KGUN 9News


TGP closing could overwhelm adoption groups

Posted at 11:09 PM, Apr 26, 2016
and last updated 2016-04-27 13:40:33-04

TUCSON (KGUN9-TV) - A bill that would ban live dog racing in Arizona is making its way through state legislature.

Since House Bill 2127 was introduced, it has not received a "nay" vote and is waiting to be signed by Governor Doug Ducey. Should it pass, it would end live dog racing in the state by the end of the year. The state's only live dog race track is Tucson Greyhound Park (TGP) in South Tucson.

During a recent meeting with the department of racing, officials already began discussing how to move or adopt the 450 dogs which race there at any given time. TGP lobbyist, Michael Racy, spoke about what the track is planning to do with the dogs.

"To make sure those animals are properly and appropriately taken care of and relocated whether it's to a track or an appropriate adoption agency," said Racy.

The dog owners can ultimately do what they would like with the dogs. For race dogs in Tucson, it is often the last leg of their career and many are adopted out once it is over. Greyhound adoption groups in Arizona are preparing for a large influx of retired greyhounds.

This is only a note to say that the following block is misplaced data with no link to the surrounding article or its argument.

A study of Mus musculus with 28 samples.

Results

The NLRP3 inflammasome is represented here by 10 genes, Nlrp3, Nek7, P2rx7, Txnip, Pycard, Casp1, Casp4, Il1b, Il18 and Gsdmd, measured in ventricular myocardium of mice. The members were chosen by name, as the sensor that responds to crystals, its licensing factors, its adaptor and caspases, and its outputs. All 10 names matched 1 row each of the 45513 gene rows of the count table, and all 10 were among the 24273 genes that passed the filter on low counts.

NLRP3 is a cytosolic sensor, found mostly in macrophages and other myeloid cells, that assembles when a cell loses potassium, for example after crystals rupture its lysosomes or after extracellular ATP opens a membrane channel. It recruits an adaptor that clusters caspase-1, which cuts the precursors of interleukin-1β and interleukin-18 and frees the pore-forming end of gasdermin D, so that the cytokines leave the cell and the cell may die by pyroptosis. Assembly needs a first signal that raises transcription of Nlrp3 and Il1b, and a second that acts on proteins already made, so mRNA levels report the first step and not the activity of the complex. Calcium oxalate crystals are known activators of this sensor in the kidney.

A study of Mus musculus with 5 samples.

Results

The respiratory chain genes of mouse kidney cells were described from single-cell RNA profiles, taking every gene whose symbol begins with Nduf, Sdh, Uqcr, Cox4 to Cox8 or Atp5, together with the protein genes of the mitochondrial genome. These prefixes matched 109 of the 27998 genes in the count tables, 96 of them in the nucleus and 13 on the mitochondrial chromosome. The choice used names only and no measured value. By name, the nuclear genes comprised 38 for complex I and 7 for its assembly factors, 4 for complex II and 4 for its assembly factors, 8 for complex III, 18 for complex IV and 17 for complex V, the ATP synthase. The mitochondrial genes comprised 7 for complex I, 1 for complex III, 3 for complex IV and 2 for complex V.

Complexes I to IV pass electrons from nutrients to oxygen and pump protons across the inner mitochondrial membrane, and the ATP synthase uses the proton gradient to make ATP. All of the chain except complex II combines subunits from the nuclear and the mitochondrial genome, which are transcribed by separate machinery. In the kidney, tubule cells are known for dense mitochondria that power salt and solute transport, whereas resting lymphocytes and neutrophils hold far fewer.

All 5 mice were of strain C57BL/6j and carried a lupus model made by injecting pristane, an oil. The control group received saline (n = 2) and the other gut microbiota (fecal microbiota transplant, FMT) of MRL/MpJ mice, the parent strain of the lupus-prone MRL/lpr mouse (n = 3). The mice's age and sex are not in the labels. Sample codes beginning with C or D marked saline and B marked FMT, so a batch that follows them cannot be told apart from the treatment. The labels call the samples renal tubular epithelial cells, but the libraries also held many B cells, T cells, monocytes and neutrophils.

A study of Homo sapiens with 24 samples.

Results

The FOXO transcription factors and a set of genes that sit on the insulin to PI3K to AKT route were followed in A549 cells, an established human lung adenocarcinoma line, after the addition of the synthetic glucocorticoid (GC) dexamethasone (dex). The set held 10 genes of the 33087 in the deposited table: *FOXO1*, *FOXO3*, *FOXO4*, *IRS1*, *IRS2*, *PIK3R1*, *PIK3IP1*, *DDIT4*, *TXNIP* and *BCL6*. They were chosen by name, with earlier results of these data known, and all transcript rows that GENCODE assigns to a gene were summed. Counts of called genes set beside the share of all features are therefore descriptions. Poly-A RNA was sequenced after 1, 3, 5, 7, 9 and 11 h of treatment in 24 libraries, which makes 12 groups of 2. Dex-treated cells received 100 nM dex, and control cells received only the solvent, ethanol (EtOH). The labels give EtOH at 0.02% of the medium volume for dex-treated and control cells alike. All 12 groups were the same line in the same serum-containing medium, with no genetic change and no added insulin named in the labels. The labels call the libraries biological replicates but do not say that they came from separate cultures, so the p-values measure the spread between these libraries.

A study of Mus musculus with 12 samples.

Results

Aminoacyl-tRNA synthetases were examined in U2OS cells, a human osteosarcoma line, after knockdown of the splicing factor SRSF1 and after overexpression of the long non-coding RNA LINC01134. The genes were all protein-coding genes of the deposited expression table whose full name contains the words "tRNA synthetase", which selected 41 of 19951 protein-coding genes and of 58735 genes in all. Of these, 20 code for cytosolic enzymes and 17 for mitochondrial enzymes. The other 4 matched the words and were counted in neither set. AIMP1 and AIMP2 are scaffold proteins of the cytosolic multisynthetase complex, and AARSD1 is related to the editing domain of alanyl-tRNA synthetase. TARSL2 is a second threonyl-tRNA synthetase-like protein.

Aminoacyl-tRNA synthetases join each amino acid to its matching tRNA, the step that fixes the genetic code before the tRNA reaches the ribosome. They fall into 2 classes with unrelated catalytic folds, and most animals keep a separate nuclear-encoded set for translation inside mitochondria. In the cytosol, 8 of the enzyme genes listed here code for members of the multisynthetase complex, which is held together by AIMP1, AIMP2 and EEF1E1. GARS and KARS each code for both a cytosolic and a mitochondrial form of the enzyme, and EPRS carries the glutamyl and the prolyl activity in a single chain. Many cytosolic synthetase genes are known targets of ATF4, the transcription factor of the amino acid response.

"It's going to affect us as far as the number of dogs coming in," said Jean Williams, president of Arizona Greyhound Rescue.

Williams says most greyhound dogs that are adopted as pets in Tucson once raced at TGP. A shuttered dog race track would add to that. To compensate, Williams says they have begun ramping up donation efforts and creating publicity. She says they will need to work with other groups in town to accommodate more dogs.

"If we cannot get them petted out, Greyhound Pets of America - Phoenix has said these dogs will go back to the farms in Oklahoma," said Williams.

Tucson city councilman Steve Kozachik, who has been outspoken about conditions at TGP in the past, would like to see the racing commission invite adoption groups from out of state to help relieve the burder on local groups.

"So that we're not putting five or six or seven dogs in a foster home indefinitely, but trying to find homes for them," Kozachik said.